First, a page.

Europe’s economic growth is at risk if Russian gas supplies are not turned back on after the current planned maintenance to the Nord Stream pipeline is completed. Paul Hannon reports for The Wall Street Journal:
Europe’s economies showed resilience in May but remain vulnerable and could suffer a steep downturn should Russia stop supplying natural gas to the region.
Economic data released Wednesday showed output at factories across the eurozone jumped in May, while the U.K. economy rebounded from a contraction in April.
However, the rise in eurozone factory output was almost entirely down to U.S. businesses that operate in Ireland, while U.K. growth was partly driven by the lifting of two years of restricted access to local health services.
Both the U.K. and eurozone economies grew in the first three months of the year, in contrast with the U.S., which experienced a contraction. However, the surge in home energy prices that followed Russia’s invasion of Ukraine has significantly slowed the recovery from the pandemic, as households cut back on other goods and services.
“It’s barely enough to pay the bills,” said Arthur Hodson, a sports instructor from Liverpool, northwestern England. “The main things you have to pay for are a roof over your head, gas, water and food. Everything after that is a luxury.”
Figures released by the European Union’s statistics agency Wednesday showed industrial output was 0.8% higher in May than in April. However, output fell in France, Italy and Spain and was only slightly higher in Germany. By contrast, Irish output surged 13.9%, driven by a rise in output from U.S. factories based in the country, which accounts for 5.1% of the eurozone’s total industrial production.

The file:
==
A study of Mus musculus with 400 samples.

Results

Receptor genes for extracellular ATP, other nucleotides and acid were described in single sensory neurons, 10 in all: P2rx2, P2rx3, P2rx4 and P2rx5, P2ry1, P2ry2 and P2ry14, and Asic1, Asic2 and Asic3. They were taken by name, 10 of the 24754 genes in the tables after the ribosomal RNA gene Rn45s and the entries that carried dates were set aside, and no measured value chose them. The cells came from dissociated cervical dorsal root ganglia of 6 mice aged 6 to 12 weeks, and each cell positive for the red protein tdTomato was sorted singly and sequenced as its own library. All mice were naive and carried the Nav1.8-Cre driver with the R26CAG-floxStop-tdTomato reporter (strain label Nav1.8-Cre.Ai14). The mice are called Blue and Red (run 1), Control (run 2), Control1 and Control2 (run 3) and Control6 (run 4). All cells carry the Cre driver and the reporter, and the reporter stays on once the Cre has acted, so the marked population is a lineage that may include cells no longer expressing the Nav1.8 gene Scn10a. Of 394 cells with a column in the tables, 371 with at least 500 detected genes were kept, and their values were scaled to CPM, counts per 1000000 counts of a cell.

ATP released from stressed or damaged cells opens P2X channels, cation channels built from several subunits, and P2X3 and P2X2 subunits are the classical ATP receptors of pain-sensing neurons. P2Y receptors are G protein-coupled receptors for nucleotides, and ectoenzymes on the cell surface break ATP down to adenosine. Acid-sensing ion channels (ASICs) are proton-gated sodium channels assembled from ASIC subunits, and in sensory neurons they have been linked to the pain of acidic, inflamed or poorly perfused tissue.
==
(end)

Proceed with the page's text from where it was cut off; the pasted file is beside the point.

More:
Without Ireland, eurozone output was stagnant. Economists expect that stagnation would quickly turn to decline if Russia’s supplies of natural gas to Europe weren’t to resume after scheduled maintenance that shut down the Nord Stream pipeline on Monday. Germany’s central bank estimates that a halt to supplies that required some rationing would lead to a 3.25% drop in economic activity in the eurozone’s largest economy from the third quarter of this year through the second quarter of 2023.
Some other estimates see a larger cost depending on the scale of the shortfall for factories. In a recent joint study, Germany’s leading economic institutes forecast a decline of as much as 9.9% or as little as 1.6% depending on the extent of the hypothetical gas shortfall.